By Josh Stillman
Updated January 23, 2013 at 08:45 PM EST
Sahara Tent heats up during Sebastian Ingrosso's set

Mercury Lounge

  • Music

Image Credit: Andrew Smith[/caption]

Last night, the heavily bloggerized Brooklyn-via-Tacoma duo Widowspeak celebrated the release of their second album, Almanac, with a sold-out show at the Mercury Lounge.

And while the record has been streaming on NPR and NME for some time now, this marked the first time they’ve played most of their new material live; expectations were high.

Much has already been made about the group’s transition from the relative minimalism of their self-titled debut (which they recorded as a trio) to Almanac’s more expansive compositions, which they performed last night as a quintet. But what hasn’t been said yet is just how fluid those compositions are on stage. The performance unearthed elements of Almanac that are only suggested, or are hidden altogether, in the studio recordings.

Perhaps most striking was the prominence of Robert Earl Thomas’ lead guitar. His scuzzy wails were placed at the foreground of the mix, tearing through the arrangements as he lurched and vamped across the stage. All of a sudden a song like “Devil Knows,” which initially comes off like a Washed Out b-side, took on a vibrant punk energy; the bottleneck slide on “Spirit is Willing” was so raw and bleary it practically reeked of stale beer; the gloomy “Harsh Realm” from their debut was pierced by savage electric howls.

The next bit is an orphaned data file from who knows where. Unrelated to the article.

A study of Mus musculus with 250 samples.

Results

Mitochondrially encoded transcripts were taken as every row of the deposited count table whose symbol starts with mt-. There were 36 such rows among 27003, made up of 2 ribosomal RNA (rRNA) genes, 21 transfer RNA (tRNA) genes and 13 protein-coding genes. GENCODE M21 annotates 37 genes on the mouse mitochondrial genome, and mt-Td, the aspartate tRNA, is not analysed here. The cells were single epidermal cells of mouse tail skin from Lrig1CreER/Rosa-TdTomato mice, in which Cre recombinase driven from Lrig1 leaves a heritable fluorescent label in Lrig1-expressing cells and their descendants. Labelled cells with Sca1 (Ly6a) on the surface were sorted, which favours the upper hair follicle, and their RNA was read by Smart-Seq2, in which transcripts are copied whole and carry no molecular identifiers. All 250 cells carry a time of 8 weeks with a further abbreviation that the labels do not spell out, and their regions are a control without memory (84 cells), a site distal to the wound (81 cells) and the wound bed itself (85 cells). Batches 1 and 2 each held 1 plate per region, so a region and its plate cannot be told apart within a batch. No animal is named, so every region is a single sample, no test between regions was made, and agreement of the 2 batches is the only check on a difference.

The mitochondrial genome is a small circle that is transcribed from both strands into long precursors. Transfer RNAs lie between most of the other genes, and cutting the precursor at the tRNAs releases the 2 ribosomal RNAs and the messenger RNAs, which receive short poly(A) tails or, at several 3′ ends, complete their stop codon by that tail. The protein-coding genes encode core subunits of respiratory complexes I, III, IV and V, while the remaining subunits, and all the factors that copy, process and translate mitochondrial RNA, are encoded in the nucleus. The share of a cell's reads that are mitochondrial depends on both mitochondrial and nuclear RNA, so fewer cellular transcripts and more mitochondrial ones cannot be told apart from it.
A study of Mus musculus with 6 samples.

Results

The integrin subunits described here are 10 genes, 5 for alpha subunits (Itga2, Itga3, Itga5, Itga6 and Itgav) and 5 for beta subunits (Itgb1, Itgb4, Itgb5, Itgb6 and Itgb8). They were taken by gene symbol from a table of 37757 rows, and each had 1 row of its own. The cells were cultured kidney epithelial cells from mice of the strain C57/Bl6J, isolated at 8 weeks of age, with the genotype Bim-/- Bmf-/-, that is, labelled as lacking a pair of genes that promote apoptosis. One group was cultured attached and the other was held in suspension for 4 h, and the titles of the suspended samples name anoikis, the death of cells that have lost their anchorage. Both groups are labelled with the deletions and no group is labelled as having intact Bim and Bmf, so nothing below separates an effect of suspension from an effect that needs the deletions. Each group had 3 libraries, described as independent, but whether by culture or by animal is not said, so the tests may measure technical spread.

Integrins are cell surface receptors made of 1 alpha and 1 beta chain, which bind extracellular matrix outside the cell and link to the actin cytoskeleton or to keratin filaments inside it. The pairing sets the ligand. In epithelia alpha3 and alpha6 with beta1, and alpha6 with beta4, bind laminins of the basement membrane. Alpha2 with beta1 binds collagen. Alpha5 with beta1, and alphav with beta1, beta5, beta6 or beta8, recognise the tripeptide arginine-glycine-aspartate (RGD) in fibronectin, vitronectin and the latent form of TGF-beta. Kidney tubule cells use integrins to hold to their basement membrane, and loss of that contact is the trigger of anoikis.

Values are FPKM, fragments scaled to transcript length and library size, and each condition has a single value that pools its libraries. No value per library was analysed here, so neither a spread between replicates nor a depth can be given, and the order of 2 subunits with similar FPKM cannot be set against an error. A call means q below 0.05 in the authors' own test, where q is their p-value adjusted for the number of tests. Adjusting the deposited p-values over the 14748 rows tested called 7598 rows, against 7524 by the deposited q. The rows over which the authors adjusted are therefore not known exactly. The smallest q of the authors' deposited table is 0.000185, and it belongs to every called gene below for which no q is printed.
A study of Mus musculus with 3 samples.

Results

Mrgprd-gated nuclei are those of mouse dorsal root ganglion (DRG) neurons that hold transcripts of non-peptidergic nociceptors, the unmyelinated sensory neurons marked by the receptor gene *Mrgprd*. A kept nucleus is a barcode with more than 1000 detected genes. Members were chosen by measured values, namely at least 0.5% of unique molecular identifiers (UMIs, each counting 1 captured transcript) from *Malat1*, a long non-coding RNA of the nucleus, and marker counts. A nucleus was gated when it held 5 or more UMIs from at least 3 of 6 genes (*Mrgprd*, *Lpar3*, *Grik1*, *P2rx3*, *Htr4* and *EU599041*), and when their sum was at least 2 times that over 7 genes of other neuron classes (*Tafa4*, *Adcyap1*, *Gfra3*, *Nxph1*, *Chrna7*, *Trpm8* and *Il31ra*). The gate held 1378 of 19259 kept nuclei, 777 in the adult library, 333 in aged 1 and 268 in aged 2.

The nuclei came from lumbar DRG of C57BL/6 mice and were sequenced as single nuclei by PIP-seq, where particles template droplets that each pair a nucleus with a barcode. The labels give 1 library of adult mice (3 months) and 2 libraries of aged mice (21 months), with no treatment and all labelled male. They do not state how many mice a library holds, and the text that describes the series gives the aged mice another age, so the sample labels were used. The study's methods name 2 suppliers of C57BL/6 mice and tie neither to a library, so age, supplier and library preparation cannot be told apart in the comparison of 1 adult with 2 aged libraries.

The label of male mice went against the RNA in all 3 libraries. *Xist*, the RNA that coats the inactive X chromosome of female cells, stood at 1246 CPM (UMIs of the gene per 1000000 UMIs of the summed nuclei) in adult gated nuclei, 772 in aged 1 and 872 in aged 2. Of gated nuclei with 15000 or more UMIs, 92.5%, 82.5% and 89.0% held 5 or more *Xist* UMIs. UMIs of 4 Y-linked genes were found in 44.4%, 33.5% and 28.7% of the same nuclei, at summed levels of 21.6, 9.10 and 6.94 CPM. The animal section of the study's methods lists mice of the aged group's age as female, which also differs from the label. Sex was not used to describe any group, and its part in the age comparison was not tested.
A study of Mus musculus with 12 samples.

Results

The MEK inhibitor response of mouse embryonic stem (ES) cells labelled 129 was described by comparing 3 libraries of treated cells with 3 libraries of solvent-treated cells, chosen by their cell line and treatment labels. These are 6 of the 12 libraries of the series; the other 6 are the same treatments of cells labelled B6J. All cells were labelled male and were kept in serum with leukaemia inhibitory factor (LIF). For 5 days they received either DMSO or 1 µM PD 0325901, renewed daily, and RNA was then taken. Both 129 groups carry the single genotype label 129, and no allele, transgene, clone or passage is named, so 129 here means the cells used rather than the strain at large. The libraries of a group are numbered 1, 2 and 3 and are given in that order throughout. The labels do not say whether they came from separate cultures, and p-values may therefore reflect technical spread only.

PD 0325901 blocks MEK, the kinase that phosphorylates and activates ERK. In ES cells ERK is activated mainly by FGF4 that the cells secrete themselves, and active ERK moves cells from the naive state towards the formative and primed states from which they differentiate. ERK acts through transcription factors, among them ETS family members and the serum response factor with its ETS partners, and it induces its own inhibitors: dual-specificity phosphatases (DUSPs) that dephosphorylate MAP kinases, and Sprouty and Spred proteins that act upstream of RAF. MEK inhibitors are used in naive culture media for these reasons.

In other cases, it wasn’t a single instrument but the live setting itself that produced unexpected results. “Thick as Thieves,” Almanac’s waltz-like lament for lost friendships, seemed downright skeletal in the space provided, leaving plenty of room for sinister, sensual undertones. And album closer “Storm King,” which duly confirms any Velvet Undergound comparisons, assumed an arid, dystopian drone that called to mind a strange bedfellow: Godspeed You! Black Emperor.

At the core of all this was lead singer Molly Hamilton, a lone figure dressed in a white and possessed of a haunting grace befitting her ethereal vocal presence. Eyes closed, head cocked gently to the side, surrounded by bearded men in denim coats, she appeared to float – sonically and physically – above her surroundings.

All of this is to say that Widowspeak are evolving. As they test their boundaries both on record and in concert, they discover things about themselves that nobody could have anticipated. Forget the critical descriptors – what we witnessed last night at the Mercury Lounge was a rock band coming into its own.